Matthew Wimberley

Pantoum Holding an Extinct Bird

I have touched the last proof of a concept—
Ivory Billed Woodpecker, specimen in a drawer.
My father, slag-ash, carbon, rising
through the air like a fury of wings.

Ivory Billed Woodpecker, specimen in a drawer,
diminishes into an old light
through the air like a fury of wings.
The silence one horizon tells another

diminishes into an old light.
It is early, the mountain insouciant—
the silence one horizon tells another,
a taciturn boy standing over a body.

It is early, the mountain insouciant.
I touch the last proof of a concept—
a taciturn boy standing over a body,
my father—slag-ash, carbon, rising.



To a Stranger Lost in the Country

To go back
you will follow
along the plank fence
where the three horses grazing
the silver grass a half mile
from town will stand all night
and listen for the moment
their hooves become sleep.
Below them
the road winds into town
and the shadows
of clouds proceed you
like hearses
over everything
and you are empty
and so wish to be like them
little by little.
Beside the crossroads
in a Circle K parking lot
your lips crack in the cold
as you pump 87 unleaded
into your truck
breathing in
the vapors of gasoline
from the nozzle
and filling a pot hole—
iridescent and smooth
like the skin
of an extinct bird
in a museum—
beautiful, ignored.
You shove your hands
in your pockets
watching the salt truck
pass ahead of the first ice
and inhale the winter:
diesel exhaust of school buses
and poplar smoke.
Again you see the cashier
mopping the grease
off the floor underneath
the spinning hot dog tray
and notice how she
turns her head
as if searching her reflection
in the tin metal
for some sickness
which will be her end
and she could be dancing
if there were music
and not the crunch of gravel,
and the thud of fuel through the line.
You had to come back
and see how it’s changed
by staying the same
like sunlight
on the brown surface of a pond.
To see clear—
even as the fog thickens
before you—
you’ll have to go inside
and stare back at her
and become her
in the thin fluorescence
of the store. Don’t ask me why.
Suddenly your hands will feel thin
and the bra wire
worked through the fabric
will cut at your skin
and you’ll taste the dry lipstick
smeared at one corner of your mouth.
Then, you’ll watch
a stranger get into the truck
and disappear
as you kneel over the bucket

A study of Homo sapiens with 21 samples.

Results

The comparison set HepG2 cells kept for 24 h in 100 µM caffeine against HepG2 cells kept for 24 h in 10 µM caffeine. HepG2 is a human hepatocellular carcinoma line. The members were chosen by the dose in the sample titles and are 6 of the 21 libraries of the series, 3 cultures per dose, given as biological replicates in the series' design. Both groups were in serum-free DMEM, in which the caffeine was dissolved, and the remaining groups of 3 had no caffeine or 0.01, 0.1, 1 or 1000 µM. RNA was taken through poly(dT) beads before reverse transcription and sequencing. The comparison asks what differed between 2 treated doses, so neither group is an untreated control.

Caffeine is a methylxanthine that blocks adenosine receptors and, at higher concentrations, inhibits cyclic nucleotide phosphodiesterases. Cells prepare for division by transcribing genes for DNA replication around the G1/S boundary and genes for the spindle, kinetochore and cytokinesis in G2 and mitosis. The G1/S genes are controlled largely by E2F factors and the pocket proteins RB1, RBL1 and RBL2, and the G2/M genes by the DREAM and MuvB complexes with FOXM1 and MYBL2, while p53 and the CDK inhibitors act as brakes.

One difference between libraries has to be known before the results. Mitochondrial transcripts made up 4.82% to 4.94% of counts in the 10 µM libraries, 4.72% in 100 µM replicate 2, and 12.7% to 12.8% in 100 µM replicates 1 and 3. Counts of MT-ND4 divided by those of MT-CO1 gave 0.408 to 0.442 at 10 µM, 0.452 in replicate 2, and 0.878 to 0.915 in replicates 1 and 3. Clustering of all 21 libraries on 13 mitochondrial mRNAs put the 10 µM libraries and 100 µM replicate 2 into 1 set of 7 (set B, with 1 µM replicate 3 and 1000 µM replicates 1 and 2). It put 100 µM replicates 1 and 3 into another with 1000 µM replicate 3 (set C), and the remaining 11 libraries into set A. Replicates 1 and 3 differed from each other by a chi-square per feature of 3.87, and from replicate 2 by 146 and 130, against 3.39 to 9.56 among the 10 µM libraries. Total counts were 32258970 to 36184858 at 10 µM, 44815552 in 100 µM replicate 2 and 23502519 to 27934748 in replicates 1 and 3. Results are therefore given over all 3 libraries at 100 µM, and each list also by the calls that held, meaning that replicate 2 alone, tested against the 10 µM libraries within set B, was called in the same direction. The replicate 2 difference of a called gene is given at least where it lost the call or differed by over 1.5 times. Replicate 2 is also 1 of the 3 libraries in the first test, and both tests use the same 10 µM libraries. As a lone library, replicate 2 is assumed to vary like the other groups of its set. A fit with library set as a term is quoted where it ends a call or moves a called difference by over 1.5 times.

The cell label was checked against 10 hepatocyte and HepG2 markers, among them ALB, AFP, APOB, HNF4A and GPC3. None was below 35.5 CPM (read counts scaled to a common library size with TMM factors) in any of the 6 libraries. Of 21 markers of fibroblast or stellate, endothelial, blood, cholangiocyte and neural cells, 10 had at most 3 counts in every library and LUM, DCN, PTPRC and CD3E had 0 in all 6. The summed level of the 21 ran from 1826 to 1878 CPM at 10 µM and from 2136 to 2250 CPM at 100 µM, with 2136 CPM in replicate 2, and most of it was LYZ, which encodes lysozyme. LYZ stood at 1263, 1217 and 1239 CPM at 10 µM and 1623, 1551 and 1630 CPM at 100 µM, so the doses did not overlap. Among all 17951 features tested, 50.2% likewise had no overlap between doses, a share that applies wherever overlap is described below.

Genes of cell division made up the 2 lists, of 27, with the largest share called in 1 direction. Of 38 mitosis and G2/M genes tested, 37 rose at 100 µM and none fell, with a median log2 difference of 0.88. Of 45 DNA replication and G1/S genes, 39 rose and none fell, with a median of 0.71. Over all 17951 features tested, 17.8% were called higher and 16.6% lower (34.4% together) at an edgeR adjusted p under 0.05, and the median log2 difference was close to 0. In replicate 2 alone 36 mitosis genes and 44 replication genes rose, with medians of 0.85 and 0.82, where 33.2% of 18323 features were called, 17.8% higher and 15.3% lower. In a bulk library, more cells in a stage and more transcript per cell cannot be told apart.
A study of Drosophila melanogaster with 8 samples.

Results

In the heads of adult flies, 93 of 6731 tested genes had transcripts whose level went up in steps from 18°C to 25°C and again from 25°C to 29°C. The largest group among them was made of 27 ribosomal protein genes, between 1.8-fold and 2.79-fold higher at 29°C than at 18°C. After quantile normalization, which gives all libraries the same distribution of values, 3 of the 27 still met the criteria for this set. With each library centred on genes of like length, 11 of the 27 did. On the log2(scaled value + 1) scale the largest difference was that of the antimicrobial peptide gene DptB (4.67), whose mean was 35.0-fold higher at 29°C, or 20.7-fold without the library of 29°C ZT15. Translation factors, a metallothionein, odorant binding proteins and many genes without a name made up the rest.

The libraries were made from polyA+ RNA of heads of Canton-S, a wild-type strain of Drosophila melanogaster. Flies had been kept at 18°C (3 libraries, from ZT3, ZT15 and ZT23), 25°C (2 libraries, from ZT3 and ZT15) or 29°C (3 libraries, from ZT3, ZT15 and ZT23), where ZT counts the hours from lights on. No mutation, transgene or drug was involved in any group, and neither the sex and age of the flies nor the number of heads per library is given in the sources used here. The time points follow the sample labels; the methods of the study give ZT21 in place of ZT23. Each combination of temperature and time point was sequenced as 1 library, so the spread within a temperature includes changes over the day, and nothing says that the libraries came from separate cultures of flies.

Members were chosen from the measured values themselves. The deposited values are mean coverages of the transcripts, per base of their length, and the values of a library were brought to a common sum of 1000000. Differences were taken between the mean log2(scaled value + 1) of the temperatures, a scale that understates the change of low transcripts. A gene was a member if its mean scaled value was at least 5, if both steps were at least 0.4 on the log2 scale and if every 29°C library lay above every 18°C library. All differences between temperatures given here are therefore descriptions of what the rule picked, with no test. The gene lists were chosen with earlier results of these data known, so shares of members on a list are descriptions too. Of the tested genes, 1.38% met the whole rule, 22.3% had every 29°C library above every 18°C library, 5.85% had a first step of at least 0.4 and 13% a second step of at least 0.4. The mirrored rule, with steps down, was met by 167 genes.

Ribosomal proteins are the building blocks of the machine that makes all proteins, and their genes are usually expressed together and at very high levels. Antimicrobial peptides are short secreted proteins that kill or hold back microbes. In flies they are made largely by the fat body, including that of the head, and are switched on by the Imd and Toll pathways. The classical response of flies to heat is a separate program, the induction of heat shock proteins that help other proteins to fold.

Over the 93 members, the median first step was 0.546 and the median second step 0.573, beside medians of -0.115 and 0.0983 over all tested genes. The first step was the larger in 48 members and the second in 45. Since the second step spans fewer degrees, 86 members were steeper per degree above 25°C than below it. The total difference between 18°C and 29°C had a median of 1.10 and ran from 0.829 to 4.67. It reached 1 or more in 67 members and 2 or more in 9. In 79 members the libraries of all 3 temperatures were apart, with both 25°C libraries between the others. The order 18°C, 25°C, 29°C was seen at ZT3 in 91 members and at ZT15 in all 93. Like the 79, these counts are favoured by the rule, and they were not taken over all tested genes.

of mop water
as if for a moment you remembered
a life you left behind and it presses
against your temples
and then you feel the sharpness
in your stomach
and hear the lice
clicking in your hair
and then like that stranger
the feeling is gone
and outside nothing moves.
Your life drifts by you. You stock the aisles
then hunch over the register
waiting for the early hours
to worry loose the mountains
from the sky. You take the cash
handed across the counter
and go home with ink and silver foil
caught under your nails.
As for me? I left
it all behind and planned
on keeping my distance—
like a junkie trying to stay clean.
But curiosity of what might be spun
around me like the nests
of webworms
and so I come back
as a witness and to live.
You might see me
down the road, a little sleep
caught in my eyes
thinner and tired still gazing
at the horses rehearsing
their blessings to the ageless
meadow and I will catch
your stare and let you
become me the way
light becomes the laurel
and you will take your time
and at last be home.


Matthew Wimberley grew up in the Blue Ridge Mountains. His chapbook Snake Mountain Almanac was selected by Eduardo C. Corral as the winner of the 2014 Rane Arroyo Chapbook Contest from Seven Kitchens Press. Winner of the 2015 William Matthews Prize from the Asheville Poetry Review, and a finalist for the 2015 Narrative Poetry Contest. He was selected by Mary Szybist for the 2016 Best New Poets Anthology, and his writing has appeared in The Greensboro Review, The Missouri Review Online, Narrative, Orion, The Paris-American, Poet Lore, Rattle, Shenandoah, Verse Daily, and others. Wimberley received his MFA from NYU where he worked with children at St. Mary's Hospital as a Starworks Fellow.